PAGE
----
The Morrison Government has revealed it will deliver a new $10 million special deal to private schools to improve COVID-19 hygiene measures. What about boosting hygiene measures in public schools across the country?
No extra federal funding for cleaning protocols has been announced for public schools, sparking outrage from the Australian Education Union.
It is extraordinary that the Morrison Government continues to deny additional funding for public schools in their response to COVID-19
– AEU Federal President Correna Haythorpe
The government has said that its $10 million incentive to improve COVID-19 hygiene measures in non-government schools will only be accessible to those that have 50 percent of their students back in the classroom by June 1.
It is a bizarre move: in NSW, for example, public school students will return full time May 26 but private and catholic school students are not under the same obligation. The NSW Department of Education has said public schools receive all the cleaning supplies they need but it’s unclear what this entails.
Haythorpe said: “Mr Morrison has once again favoured private schools with additional funding while telling the community that ‘we are all in this together’. Clearly his government has prioritised private schools over public schools.”
“Principals, teachers and education support staff across Australia have undertaken an extraordinary task to ensure that teaching and learning continues in schools during COVID-19. However they need to be supported in this work with the appropriate health guidelines and resources, including sufficient sanitation and hygiene equipment.”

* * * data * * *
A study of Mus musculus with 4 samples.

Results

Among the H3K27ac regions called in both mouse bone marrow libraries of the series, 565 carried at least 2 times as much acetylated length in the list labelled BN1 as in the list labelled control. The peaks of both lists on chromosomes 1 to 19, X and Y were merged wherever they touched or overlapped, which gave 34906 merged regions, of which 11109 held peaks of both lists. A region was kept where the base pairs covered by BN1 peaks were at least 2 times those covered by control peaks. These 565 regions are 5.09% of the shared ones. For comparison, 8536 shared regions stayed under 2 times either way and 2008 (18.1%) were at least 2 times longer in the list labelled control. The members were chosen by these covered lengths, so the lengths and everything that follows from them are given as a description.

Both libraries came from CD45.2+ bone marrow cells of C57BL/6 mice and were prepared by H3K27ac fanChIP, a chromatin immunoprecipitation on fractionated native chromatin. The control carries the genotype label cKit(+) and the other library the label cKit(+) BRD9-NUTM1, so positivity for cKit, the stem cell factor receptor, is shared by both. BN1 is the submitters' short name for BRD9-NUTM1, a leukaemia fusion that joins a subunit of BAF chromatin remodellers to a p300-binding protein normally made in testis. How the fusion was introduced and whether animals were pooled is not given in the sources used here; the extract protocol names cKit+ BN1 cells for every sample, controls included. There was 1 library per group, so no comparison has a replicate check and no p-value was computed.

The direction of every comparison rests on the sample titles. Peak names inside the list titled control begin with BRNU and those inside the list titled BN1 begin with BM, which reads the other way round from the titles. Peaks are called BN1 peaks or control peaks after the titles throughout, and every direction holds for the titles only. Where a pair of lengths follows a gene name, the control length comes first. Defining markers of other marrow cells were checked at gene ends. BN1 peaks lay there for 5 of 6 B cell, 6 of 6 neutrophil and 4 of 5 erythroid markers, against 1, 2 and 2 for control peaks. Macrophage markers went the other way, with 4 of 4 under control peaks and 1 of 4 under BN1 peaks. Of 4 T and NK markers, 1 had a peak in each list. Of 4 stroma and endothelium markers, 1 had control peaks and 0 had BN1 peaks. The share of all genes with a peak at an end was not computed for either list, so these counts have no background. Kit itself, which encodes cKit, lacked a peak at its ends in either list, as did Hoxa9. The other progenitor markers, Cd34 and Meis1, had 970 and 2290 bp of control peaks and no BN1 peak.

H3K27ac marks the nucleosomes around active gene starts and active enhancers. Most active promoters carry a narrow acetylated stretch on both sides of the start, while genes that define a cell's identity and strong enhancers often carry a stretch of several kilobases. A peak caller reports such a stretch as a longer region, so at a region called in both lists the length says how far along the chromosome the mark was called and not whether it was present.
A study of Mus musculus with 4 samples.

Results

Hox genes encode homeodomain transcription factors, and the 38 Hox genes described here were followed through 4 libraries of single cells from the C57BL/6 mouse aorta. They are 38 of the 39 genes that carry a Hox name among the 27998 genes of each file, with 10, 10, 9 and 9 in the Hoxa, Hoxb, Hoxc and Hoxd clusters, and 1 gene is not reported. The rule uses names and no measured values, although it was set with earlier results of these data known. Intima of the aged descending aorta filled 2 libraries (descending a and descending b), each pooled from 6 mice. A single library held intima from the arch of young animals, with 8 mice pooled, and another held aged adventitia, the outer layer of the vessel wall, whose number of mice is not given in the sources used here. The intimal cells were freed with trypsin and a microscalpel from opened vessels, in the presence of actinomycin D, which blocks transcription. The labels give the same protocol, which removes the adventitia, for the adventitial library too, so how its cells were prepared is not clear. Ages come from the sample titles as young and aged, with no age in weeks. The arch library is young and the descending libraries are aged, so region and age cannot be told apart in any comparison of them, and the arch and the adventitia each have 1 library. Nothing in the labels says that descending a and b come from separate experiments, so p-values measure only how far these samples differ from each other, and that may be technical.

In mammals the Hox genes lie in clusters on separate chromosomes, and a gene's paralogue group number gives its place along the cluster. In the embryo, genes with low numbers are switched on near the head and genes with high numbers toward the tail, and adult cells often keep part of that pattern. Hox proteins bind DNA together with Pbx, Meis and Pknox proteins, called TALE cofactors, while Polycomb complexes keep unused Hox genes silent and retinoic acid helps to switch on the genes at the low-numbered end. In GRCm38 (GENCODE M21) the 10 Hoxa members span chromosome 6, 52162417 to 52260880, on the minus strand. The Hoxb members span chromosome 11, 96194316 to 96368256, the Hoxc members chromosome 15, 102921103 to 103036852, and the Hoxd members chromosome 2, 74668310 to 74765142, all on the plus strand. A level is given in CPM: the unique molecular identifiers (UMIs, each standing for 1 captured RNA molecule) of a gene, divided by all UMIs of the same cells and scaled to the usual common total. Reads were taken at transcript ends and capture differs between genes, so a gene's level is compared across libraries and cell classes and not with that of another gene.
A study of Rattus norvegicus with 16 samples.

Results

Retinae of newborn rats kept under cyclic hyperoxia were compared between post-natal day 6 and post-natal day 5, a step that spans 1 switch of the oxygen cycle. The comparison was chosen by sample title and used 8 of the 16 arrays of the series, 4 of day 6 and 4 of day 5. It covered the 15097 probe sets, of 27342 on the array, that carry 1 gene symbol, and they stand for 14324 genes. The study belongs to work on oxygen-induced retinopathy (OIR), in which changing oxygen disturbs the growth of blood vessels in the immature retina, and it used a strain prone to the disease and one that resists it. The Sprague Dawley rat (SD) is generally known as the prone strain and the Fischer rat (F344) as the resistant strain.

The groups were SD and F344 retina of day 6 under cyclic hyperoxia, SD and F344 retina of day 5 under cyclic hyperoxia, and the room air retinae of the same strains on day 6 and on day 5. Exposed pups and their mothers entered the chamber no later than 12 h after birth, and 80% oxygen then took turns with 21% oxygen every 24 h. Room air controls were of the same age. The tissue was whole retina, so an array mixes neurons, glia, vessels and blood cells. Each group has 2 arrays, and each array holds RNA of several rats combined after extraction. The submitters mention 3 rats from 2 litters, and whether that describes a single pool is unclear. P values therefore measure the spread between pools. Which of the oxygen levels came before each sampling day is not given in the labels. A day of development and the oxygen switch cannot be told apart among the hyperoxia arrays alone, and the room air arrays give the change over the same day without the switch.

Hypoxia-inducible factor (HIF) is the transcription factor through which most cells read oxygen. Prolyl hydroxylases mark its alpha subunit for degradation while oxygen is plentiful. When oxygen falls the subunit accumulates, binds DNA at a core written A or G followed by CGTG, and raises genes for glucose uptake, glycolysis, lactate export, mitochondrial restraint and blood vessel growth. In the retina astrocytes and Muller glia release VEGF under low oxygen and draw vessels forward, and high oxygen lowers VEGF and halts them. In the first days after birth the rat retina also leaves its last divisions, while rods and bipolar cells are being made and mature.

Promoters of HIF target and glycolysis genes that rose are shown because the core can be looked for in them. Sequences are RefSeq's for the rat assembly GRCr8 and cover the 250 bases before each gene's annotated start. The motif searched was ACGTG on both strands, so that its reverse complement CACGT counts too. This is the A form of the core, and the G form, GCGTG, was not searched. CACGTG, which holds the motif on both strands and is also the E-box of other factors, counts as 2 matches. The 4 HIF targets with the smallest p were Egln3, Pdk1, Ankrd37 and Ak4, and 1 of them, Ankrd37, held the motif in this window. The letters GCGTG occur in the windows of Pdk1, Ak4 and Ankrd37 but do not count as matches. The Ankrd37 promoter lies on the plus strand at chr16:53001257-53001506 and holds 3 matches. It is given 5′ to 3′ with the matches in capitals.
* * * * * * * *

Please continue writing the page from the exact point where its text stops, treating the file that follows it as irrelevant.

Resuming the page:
“AEU members have expressed significant concerns about managing social distancing requirements while on school grounds, and governments must ensure that they have the necessary soap, hand sanitiser, hygiene facilities and extra cleaning available,” Ms Haythorpe said.
“The Morrison Government’s decision to provide an additional $10 million of funding for the private sector will be seen as further disregard of the urgent need of the public sector.”
Education Minister Dan Tehan has simply said that it’s been “working with industry to bolster domestic production of soap and hand sanitiser and ensuring supplies to essential services like schools.”
Supporting schools to adopt stronger hygiene protocols will help ensure the safety of teachers. This includes working closely with states and territories, which are responsible for the provision of hand sanitiser and soap at public schools.